High Dynamic Range

I’m impressed with the new “high dynamic range” (HDR) photography feature in iOS 4.1 for iPhone 4. The feature basically takes three versions of the image in quick succession, each using a different light setting. Software then combines the three photos using image processing algorithms. The goal is to avoid washed-out bright areas and dark, almost-black shadowed areas.

I took the picture below with HDR turned on. I did not use a tripod, did not set anything manually, and did no post-processing other than cropping. (Click it to see full resolution.)

Seattle skyline using iPhone with HDR

The plain, non-HDR version of the image looked pretty good too, but everything was more washed out, especially the buildings and sky. The trees were a bit brighter but didn’t look as rich. I think the HDR version looks astonishingly professional.

Math in Ancient India

I just checked my web server statistics and found that part of my high school research paper on the history of mathematics is getting well over a thousand requests a month.

The topic of that paper is “the usually unrecognized achievements of Vedic and Hindu mathematicians from 2000-300 B.C.” When writing it, I was surprised at how hard it was to find good research on the topic:

In Mathematical Thought from Ancient to Modern Times, [a “comprehensive” summary of] the history of mathematics, [author Morris Kline] included only half a chapter (out of 50 chapters total) on Indian math. Everything he said seemed to sneer at them, put them down, and belittle their accomplishments.

Despite this dearth of understanding, the facts were clear:

Besides using simple arithmetic operations like addition, subtraction, etc., Indians invented the decimal system and the idea of positional notation, both of which are still in use today. They also used the “Pythagorean” theorem and “Pascal’s” triangle long before either of those men were born!

Today, it turns out that if you google “Sulva Sutras” (the title of the web page getting most of the visits), my research paper is the first result, above Wikipedia and everything else! If you search for “mathematics in vedas”, I’m the third result.

True, this seeming popularity may have something to do with spelling inconsistencies — the Wikipedia article uses “Shulba Sutras” and is the first result if you search with that spelling. It’s also true that my paper was written in 1999 and has been on the web since 2003, so has had time to gather links from other websites (which influence Google’s ranking).

But we’re talking about the founding documents of mathematics! The origin of zero! The “Pythagorean” theorem, recorded hundreds of years before Pythagoras! And the most relevant article was written by a fifteen-year-old?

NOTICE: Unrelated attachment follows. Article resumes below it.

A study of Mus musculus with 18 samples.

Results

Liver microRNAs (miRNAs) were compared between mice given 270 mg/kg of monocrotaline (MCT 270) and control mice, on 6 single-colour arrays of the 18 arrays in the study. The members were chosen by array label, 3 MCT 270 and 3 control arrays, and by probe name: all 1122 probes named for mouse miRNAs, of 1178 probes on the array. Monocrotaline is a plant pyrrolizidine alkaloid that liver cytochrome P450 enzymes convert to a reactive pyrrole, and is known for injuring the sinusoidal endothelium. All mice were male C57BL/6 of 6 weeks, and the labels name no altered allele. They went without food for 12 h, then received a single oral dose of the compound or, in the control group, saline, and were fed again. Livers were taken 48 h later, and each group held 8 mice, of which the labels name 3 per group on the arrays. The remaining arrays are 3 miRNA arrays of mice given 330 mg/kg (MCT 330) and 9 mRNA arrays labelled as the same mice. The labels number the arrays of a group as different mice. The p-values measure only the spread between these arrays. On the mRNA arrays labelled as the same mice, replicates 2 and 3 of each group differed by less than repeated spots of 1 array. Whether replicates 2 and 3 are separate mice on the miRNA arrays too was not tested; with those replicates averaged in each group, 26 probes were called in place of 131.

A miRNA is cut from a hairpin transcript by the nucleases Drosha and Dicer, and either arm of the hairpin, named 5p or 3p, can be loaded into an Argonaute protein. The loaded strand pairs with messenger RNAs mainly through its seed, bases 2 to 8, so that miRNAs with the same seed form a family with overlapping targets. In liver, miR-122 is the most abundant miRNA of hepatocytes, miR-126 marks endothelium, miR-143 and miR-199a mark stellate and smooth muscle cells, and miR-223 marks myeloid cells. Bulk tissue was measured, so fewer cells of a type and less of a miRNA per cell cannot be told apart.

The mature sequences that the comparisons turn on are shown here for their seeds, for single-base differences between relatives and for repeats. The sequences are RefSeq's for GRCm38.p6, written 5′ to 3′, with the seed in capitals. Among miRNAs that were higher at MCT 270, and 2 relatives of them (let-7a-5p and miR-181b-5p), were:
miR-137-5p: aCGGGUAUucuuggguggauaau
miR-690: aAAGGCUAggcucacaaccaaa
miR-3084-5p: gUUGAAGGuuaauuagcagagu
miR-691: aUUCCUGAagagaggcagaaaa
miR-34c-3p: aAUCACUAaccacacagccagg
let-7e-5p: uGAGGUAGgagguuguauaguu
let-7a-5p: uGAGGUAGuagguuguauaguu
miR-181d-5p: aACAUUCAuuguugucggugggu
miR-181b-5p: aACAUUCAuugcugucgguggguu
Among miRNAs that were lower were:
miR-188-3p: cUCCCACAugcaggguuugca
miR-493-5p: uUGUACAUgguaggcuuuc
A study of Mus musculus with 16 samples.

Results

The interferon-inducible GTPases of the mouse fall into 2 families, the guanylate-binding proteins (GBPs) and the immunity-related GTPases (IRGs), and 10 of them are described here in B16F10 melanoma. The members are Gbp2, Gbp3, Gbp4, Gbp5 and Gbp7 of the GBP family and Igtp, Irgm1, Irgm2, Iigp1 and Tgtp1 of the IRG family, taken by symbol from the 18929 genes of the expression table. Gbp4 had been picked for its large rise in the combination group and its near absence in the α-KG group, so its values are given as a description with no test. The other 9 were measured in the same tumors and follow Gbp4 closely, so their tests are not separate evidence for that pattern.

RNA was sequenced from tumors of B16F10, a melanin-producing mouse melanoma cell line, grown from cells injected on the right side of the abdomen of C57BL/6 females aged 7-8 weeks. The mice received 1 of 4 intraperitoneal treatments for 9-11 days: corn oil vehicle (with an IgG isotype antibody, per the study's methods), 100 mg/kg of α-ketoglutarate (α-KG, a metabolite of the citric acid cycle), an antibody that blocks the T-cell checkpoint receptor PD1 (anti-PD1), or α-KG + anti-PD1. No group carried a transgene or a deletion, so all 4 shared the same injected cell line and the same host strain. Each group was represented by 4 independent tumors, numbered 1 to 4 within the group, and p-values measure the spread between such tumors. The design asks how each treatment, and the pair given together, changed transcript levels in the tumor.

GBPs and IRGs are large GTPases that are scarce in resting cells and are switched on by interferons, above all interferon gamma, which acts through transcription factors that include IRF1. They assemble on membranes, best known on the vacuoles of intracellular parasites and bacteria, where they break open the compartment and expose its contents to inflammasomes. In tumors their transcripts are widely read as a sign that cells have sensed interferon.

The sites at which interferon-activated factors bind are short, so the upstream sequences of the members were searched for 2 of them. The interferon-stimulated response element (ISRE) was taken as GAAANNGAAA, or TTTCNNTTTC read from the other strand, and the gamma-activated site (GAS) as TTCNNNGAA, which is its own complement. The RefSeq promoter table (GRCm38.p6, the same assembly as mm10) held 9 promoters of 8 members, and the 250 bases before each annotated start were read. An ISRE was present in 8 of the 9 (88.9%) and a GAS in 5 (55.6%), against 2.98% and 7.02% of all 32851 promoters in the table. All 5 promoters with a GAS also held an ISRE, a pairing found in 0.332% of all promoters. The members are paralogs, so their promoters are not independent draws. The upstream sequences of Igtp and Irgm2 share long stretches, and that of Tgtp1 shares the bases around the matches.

In my research paper’s conclusion (which is mostly too embarrassing to quote), I wrote, “I find it unbelievable how little work has been done in the field…. The vast majority of the work has been done only by Indians. Most of the books on the subject are written in Sanskrit or Hindi [and are ignored by] eurocentric scholars.”

Ten years later, my incredulity lives on.

Steve Jobs’ fifth revolution

I think one of the most significant announcements at Apple’s media event today was that the iPod touch now has over 50% market share in the worldwide portable gaming industry — the iPod touch outsells the portable game consoles from Nintendo, Sony, and all other manufacturers, combined. Steve Jobs also said over 1.5 billion games have been downloaded so far to iPod touches alone. “It has become by far the most popular game player in the world.”

Steve Jobs discusses the iPod touch as a gaming platform

It’s widely recognized that Jobs has already revolutionized four industries: personal computers (Mac), digital music (iPod and iTunes), animated films (Pixar), and smartphones (iPhone). I think it’s now safe to add a fifth to that list: portable gaming.

His impact is a revolution both in terms of the new multi-touch user interface for gaming and the App Store platform for game distribution and payment. The major products involved are not just the iPod touch but also the iPhone and iPad.

So what will be number six?

Apple is making some progress on movies and TV shows. However, the studios and cable companies have all the power, and they are terrified about what happened to the music industry. It’s hard to find a path that transitions the industry from cable TV “channels” to browsing and paying for individual shows.

Another possibility for revolution is in textbooks and online education, where iTunes already carries recorded lectures and the iPad has started to inspire a new class of interactive educational content.